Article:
As a public relations student, I have to write a lot: press releases, pitch letters, backgrounders and the like. But recently, I was asked to write a speech. My own speech about something I feel passionately about. I decided to share it here, with the hope that maybe it will reach someone who needs to read it.
I knew from a young age that I was different. However, it wasn’t until I was 12 years old that I was finally able to realize what it was that made me feel so different: I was gay. Well, technically, I am gay. That’s not going to change, and I would never want it to. However, that was not always the case. Throughout my life I have been the target of numerous campaigns aimed at changing my behavior, but no two campaigns have affected me quite as much as the personal one meant to cure me of my homosexuality and the “It Gets Better” campaign that I discovered years later.
I grew up in a religious and God-fearing household. As such, it took me 20 years to muster up the courage to tell my parents that I was gay. But, as parents often do, they knew about that part of my life before I think even I did. The fact I never verbally confirmed their fear gave them an ounce of hope that maybe they were wrong and I would come out normal in the end. My mother, in particular, latched on to that ounce of hope with all her strength, and with it came her crusade to change me.
To accomplish this unattainable task, my mother turned to who she thought to be an expert: our family’s long-time reverend. From that moment on, the “pray away the gay” campaign would be in his hands, and he wasn’t cutting me any slack. I spent hours in his church, hearing phrases like, “eternal damnation in Hell” and that my behavior was an “abomination in the eyes of God.” I remember on one visit to his office, he somehow made a connection between homosexuality and Ted Bundy. He warned me that if I didn’t make myself right with God, I could expect a similar fate to Bundy’s, if not in this life, than in the next. I never took another step into his church.
I guess my mother gave up after some time, as the biting comments slowly weaned and the books about the importance of a righteous lifestyle stopped making their way into my stocking each Christmas. However, aside from relatively infrequent bullying, my adolescence wasn’t so bad. I made good grades, played sports and had good friends. Yet I still wasn’t a totally happy kid, as I should have been – as I deserved to have been. I realized years after that the “pray away the gay” message had whittled away at my self-confidence and self-worth. And in many ways, I was still trying to conform to the person that I was told I was supposed to be.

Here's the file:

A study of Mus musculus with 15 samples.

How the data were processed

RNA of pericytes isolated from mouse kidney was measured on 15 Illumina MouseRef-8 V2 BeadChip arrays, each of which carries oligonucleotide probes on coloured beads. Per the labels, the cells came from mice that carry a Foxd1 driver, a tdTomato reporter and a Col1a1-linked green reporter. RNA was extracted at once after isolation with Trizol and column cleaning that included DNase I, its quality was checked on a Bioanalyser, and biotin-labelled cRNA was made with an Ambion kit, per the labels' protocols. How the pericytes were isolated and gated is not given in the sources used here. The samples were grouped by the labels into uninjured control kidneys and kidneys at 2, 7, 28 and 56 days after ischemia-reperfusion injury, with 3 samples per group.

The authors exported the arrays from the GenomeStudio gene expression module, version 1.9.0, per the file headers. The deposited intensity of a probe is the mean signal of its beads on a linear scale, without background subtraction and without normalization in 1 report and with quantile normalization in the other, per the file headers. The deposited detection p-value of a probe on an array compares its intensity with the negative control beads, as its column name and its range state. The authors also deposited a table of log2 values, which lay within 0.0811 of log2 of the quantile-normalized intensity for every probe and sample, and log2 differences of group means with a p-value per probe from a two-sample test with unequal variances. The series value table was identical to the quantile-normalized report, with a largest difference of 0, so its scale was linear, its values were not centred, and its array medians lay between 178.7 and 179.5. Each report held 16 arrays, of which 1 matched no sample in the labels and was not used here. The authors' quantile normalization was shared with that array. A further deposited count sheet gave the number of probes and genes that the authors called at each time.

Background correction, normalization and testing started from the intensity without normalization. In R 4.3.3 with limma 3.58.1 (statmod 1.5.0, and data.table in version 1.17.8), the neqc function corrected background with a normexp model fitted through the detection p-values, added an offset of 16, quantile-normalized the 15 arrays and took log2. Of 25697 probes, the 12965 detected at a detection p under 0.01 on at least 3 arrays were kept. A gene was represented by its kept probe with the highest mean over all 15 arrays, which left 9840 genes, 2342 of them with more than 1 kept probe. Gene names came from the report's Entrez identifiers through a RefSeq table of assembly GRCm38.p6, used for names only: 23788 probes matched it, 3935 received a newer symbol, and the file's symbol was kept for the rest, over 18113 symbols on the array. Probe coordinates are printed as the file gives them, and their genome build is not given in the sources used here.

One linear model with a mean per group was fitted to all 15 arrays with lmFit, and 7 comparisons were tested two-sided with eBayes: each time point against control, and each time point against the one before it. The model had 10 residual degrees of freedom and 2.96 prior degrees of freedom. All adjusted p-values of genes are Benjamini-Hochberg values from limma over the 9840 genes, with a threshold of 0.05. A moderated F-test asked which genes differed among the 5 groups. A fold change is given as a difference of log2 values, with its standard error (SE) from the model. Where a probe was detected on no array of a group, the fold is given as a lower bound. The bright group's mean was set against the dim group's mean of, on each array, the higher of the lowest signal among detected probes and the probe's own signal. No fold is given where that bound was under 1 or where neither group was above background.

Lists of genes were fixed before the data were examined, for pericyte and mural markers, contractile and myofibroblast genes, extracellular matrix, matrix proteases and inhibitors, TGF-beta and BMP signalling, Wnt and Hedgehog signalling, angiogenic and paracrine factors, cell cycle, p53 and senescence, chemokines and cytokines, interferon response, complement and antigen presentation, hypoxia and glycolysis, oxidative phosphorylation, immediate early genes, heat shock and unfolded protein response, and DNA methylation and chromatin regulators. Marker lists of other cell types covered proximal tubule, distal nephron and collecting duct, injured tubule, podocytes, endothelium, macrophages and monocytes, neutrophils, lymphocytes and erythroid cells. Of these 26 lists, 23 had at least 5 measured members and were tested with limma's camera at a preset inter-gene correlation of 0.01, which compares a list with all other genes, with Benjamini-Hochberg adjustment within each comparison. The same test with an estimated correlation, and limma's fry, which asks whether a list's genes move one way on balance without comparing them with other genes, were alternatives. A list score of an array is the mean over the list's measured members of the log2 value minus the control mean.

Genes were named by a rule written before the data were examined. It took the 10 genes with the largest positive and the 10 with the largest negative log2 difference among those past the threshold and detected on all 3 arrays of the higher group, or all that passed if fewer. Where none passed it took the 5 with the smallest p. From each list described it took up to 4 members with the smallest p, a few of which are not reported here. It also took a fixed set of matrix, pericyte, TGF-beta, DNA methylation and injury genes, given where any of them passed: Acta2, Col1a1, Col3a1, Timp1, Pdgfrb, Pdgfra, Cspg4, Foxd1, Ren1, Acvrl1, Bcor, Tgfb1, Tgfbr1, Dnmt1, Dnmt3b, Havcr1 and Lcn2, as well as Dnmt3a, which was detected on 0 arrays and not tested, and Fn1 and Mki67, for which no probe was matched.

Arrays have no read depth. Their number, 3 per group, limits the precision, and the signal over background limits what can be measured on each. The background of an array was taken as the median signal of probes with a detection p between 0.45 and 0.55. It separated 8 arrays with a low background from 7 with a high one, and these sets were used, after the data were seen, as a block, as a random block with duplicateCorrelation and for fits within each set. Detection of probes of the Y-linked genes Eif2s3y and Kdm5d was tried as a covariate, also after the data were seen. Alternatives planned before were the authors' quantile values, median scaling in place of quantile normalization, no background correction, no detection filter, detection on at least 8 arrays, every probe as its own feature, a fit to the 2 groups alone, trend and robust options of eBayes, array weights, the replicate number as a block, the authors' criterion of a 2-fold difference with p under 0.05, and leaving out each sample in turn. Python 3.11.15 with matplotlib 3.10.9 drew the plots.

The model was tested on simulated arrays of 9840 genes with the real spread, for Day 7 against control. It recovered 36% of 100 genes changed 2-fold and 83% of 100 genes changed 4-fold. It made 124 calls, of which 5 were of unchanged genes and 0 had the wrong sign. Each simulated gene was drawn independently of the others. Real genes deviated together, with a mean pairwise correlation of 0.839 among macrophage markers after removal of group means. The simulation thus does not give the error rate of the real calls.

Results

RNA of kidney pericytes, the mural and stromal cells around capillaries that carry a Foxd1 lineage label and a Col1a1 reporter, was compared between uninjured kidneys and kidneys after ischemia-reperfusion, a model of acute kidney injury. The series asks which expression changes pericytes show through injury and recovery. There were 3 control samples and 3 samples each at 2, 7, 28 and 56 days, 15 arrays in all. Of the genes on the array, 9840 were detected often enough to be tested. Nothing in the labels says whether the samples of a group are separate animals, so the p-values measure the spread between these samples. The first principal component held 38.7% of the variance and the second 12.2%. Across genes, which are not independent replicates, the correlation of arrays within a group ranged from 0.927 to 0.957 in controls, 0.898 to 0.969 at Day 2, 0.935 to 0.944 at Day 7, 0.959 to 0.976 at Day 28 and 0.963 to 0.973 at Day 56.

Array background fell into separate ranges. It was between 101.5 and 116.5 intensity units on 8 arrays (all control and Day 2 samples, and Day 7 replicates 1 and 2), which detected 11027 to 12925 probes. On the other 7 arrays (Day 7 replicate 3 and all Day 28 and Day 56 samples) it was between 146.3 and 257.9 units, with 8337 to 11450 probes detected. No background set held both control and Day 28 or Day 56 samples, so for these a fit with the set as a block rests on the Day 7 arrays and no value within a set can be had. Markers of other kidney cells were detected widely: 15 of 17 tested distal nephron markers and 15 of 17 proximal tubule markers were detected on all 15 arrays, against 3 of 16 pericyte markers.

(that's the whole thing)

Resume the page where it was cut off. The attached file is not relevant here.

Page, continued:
But when I got to college, the message changed. I found myself in an educated, open-minded community, surrounded by people of every ethnicity, religion, socio-economic background and sexual orientation. The message went from “pray away the gay” to “It’s okay to be gay.” I was finally in a place that would accept me for who I was, and not the person others and I thought I was meant to be. At the same time, it seemed like the rest of the country was becoming more accepting too. Ellen DeGeneres became one of the biggest names on television, numerous states legalized same-sex marriage and the “It Gets Better” YouTube video campaign gave hope to millions of kids just like me.
In my sophomore year of college, I came out to a select group of friends, and not a single person decided they’d rather lose a friend than have a gay one. Slowly, I came out to more and more people. I told my sister. She immediately asked if she could be the “Grace to my Will,” and then told me I must not be a very good gay guy because I didn’t understand the reference. And then I told my mother. Her reaction was probably the most surprising. “I’ve been waiting for a long time for you to tell me that,” she said. “So luckily I was able to plan out what I would say to you when you did. You’re my son. I’ll love you no matter what you do, where you go or who you love.” Yesterday, she asked when she could finally meet my boyfriend.
Both the pro-gay and anti-gay messages I experienced growing up have influenced me in some way. I know I wouldn’t have waited as long as I did to come out if it were not for the videos, pamphlets and lectures given to me by the church. And I cannot imagine ever having the courage to come out without the “It Gets Better” campaign and others like it. There are young people around the country that are the target of the same homophobic crusades that I was, unaware of the other, much more beautiful and hopeful message waiting for them, unaware that it does get better. So here’s my call for action: It is our responsibility, gay and straight alike, to make sure we think before we speak, love before we hate and empathize before we criticize. You may think your words carry little weight, but I can assure you that they do. They carry enough weight to crush a child’s self-worth or give that child what they desperately need most: hope.